By Tom Collins
TORONTO — Corn and soybean prices have likely plateaued until December when we’ll know the true size of the U.S. harvest, says a grain merchant for Toronto-based Parrish and Heimbecker.
The record lows in August were probably the worst we’ll see, Steve Kell told Farmers Forum. But don’t expect the highs from 2012 and 2013. Grain corn ranged from $4.29 to $4.59 per bushel at North Gower Grains throughout most of September while soybean prices ranged from $11.83 to $12.52.
The United States Department of Agriculture is expecting a record corn and soybean crop this year and many analysts are expecting a world-record harvest for corn.
“The market will have trouble moving significantly higher or lower until we have some real knowledge of how big or small this crop really is,” said Kell.
Analysts are all over the map when it comes to predicting 2017 prices for corn and soybeans. Some see prices continuing to drop while others see better days ahead.
Dreyfus chief executive officer Gonzalo Ramirez Martiarena told Bloomberg News Sept. 15 that prices will continue to be low into 2017 because of bumper crops across the globe and in the U.S.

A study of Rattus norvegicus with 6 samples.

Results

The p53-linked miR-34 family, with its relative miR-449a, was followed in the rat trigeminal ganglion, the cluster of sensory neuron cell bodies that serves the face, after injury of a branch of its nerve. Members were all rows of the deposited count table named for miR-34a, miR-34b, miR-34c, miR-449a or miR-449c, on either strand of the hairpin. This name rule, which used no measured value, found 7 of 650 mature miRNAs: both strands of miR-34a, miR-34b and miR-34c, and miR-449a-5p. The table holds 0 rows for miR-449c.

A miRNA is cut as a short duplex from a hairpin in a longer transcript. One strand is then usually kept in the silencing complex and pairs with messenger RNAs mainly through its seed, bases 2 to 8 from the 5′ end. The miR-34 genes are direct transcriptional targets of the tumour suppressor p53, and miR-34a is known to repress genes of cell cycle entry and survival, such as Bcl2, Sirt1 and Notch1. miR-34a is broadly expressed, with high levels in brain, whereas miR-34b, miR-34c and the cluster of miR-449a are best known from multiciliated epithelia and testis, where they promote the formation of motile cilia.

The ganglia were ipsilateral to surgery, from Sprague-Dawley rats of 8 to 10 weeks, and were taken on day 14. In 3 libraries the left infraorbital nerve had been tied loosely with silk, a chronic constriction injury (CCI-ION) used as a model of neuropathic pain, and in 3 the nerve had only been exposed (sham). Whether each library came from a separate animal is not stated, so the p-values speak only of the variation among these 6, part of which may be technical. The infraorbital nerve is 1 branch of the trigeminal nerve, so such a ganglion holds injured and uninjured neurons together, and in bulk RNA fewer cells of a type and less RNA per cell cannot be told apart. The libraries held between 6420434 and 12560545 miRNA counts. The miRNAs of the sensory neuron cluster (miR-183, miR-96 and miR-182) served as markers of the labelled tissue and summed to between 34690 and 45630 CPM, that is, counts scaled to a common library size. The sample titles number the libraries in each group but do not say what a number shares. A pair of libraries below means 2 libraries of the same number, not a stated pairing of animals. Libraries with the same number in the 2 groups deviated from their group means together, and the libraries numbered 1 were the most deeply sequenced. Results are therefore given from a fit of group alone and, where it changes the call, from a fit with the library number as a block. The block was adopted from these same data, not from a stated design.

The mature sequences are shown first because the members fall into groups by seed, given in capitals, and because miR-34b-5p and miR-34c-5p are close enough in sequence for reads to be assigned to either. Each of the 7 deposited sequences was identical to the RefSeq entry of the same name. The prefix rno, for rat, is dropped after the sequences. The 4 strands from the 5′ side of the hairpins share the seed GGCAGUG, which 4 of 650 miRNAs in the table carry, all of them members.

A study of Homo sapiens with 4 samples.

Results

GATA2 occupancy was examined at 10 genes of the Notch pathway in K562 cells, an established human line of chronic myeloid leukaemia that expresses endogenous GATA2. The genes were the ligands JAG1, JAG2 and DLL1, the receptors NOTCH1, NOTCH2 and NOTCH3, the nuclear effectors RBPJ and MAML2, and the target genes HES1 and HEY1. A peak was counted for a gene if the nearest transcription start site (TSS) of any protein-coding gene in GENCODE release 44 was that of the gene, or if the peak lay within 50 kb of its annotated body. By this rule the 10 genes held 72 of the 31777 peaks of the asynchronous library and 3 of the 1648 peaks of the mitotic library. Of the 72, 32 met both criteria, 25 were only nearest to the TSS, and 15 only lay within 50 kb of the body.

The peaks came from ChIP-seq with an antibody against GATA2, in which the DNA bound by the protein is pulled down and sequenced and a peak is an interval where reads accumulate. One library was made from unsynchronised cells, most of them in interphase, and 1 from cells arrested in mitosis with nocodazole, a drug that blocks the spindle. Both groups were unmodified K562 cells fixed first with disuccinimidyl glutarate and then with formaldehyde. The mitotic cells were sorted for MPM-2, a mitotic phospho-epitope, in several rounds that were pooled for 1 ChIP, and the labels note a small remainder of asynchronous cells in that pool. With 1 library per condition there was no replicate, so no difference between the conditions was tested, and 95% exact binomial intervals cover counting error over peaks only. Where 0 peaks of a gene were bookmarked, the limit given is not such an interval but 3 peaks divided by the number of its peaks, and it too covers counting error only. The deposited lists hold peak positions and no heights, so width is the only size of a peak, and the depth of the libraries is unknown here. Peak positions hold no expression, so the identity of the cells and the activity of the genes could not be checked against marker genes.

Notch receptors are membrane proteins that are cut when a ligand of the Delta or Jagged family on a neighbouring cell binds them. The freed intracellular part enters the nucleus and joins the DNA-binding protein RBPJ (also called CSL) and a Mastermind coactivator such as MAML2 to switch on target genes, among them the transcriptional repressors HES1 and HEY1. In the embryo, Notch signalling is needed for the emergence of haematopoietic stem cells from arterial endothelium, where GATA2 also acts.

“Prices for wheat, corn, soybean will continue going down,” said Martiarena. “Corn yields are so good, productivity is so high in the U.S. that they keep planting despite low prices.”
University of Illinois agricultural economist Darrel Good told the University of Illinois News Bureau that a potential increase in soybean acres in the United States and an increase in South American production could farther drop soybean prices next year.
“With so much production uncertainty over the next 10 months, a strong pace of Chinese buying, and the recent history of smaller than expected year-ending stocks, it is not completely surprising that the market is not yet reflecting the potential for a growing surplus of soybeans during the 2017-18 marketing year,” said Good last month.
Not all projections are doom and gloom. Agrimoney.com reported Sept. 8 that France-based bank Société Générale believes the U.S. corn yield will be less than projected. The bank also called soybeans a value buy, and predicted soybeans will stay above US $10 (CDN $13.09) a bushel for the next year and that export demand will also be higher than the USDA projects.
Purdue University agricultural economist Chris Hurt said Sept. 23 that farmers are in the middle of a five-year period for low prices.
He projected slightly higher average prices in 2018 at US $3.80/bu (CDN $4.97) and $3.85 (CDN $5.04) in 2019.